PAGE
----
I’m reading about functional programming as much as I can. Aside from staying up-to-date with the latest publications I also spend some time reading the older papers. Among the classics are true pearls: John Backus’ “Can Programming Be Liberated from the von Neumann Style. A Functional Style and Its Algebra of Programs” took hours to read but was an eye-opener for me (I think this was the first paper on FP I ever read) and Phil Wadler’s “Comprehending monads” and “The essence of functional programming” are a beautiful demonstration of power and elegance of monads. But today I want to write about The Lambda Papers – a series of approximately 10 papers (mostly AI Lab Memos) written by Guy Steele and Gerald Sussman between 1975 and 1980. I originally heard about them while browsing Lambda The Ultimate (which, by the way, takes its name from these papers).
Lambda papers revolve around the programming language Scheme, a simple dialect of Lisp developed by Steele and Sussman at MIT in the seventies. So far I have read two of these papers – “Lambda: The ultimate imperative” and “Lambda: The ultimate declarative”. The first one discusses the implementation of programming constructs know from imperative languages – for example GOTOs, blocks, assignments, loops or exceptions – in Scheme. Authors demonstrate that lambda expressions, that is anonymous functions, suffice to implement all these imperative constructs. Moreover, they show that using lambdas we can easily implement different scoping strategies (dynamic vs. static) and calling conventions (call by name vs. call by value vs. call by need). “Lambda: The ultimate declarative” continues the discussion of GOTO expressions started in “Lambda: The ultimate imperative”. Main focus in placed on relation between GOTOs, function calls and operations that modify environment (function call is one of them, assignments are another). The paper provides some really deep insight into the mechanisms of compiling function calls. For example, authors demonstrate that in compiled Scheme code it is not necessary to make any function calls – GOTOs (unconditional jumps) are all that is needed. There’s also an interesting discussion on defining data types using closures and named variables vs. temporaries (unnamed variables generated by the compiler). Paper concludes with a thought that the expressive power of Lisp makes it a good candidate for an intermediate language used in compilers.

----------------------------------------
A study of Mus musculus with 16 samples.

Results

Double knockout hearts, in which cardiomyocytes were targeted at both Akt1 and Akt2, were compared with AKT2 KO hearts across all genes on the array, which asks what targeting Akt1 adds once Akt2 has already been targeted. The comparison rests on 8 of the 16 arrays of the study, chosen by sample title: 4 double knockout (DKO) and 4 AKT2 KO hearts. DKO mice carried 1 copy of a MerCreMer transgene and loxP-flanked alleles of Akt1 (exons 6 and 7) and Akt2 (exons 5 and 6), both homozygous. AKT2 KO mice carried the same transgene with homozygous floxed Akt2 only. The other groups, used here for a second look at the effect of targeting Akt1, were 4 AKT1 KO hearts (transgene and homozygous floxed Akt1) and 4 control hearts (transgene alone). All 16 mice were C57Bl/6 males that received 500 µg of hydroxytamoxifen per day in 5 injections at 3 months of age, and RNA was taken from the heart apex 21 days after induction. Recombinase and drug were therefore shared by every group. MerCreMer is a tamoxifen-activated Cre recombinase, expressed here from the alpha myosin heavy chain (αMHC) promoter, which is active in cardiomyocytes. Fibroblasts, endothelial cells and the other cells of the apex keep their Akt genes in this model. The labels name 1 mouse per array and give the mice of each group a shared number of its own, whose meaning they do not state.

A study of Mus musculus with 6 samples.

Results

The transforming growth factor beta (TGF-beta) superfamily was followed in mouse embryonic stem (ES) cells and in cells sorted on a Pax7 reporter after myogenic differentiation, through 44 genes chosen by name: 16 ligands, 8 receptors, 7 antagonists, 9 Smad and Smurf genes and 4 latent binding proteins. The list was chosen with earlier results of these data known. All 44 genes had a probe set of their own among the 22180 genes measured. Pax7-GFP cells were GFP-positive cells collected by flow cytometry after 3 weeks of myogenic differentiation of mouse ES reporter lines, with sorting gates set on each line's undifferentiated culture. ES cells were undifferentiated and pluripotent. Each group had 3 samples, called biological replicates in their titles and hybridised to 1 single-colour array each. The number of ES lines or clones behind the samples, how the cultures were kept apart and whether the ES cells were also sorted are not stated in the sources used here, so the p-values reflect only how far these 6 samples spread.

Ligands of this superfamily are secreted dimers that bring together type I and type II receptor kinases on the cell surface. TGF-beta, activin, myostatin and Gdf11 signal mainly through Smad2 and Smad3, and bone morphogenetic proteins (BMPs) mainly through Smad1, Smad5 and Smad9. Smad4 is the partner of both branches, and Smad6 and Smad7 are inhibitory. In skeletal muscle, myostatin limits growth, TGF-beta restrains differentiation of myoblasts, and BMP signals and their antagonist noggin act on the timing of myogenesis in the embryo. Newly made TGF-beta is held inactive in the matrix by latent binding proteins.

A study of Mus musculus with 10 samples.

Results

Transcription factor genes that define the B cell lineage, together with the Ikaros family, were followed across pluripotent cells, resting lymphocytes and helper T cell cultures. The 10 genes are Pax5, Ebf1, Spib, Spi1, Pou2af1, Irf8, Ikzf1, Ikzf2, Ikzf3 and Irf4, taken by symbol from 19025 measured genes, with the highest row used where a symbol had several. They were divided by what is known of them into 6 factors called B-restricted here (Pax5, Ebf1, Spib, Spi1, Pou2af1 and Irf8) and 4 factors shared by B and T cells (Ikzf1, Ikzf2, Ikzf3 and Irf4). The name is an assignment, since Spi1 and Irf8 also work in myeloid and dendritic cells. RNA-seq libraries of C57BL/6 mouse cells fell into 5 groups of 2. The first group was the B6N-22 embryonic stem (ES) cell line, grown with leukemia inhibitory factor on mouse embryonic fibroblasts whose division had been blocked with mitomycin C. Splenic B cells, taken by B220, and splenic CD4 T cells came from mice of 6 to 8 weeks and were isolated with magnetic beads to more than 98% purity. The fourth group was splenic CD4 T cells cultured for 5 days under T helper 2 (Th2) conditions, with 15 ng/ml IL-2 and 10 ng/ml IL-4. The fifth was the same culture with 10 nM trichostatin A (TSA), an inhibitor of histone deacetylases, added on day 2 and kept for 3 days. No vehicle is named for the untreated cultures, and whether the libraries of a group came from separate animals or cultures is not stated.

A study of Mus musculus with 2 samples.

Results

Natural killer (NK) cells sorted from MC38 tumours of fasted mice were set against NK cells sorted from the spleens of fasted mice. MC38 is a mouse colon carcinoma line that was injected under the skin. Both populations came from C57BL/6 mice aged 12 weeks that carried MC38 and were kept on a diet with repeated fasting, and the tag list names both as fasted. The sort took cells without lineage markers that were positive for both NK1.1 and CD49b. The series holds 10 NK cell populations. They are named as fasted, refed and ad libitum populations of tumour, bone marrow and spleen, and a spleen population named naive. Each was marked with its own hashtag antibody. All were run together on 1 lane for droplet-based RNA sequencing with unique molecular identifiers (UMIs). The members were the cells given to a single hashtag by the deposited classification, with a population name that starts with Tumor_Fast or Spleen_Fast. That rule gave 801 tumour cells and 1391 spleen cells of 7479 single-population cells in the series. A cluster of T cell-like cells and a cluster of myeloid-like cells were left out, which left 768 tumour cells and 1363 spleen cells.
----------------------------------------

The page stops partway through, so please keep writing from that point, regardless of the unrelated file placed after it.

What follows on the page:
As I already mentioned I consider these papers to be one of the best papers I have read. I am truly impressed with the amount of knowledge squeezed into these 90 pages. Probably the most surprising thing is that after almost 40 years since their original publication Lambda Papers remain relevant. It is interesting to see that some ideas are mentioned briefly in those papers and today these ideas have evolved into really important concepts. For example Steele mentions in “Lambda: The ultimate declarative” about the idea of annotating functions with information about possible side effects, which is done in Haskell’s type system to separate pure and impure code. I have also found it interesting to learn a bit about history of computer science and trace the origin of concepts like thunks and continuations.
That’s only the outline of the Lambda Papers. They provide a lot more insightful information and I strongly encourage anyone interested in programming languages to read these two publications. They are not too difficult – if you know Scheme you’ll be able to grasp them.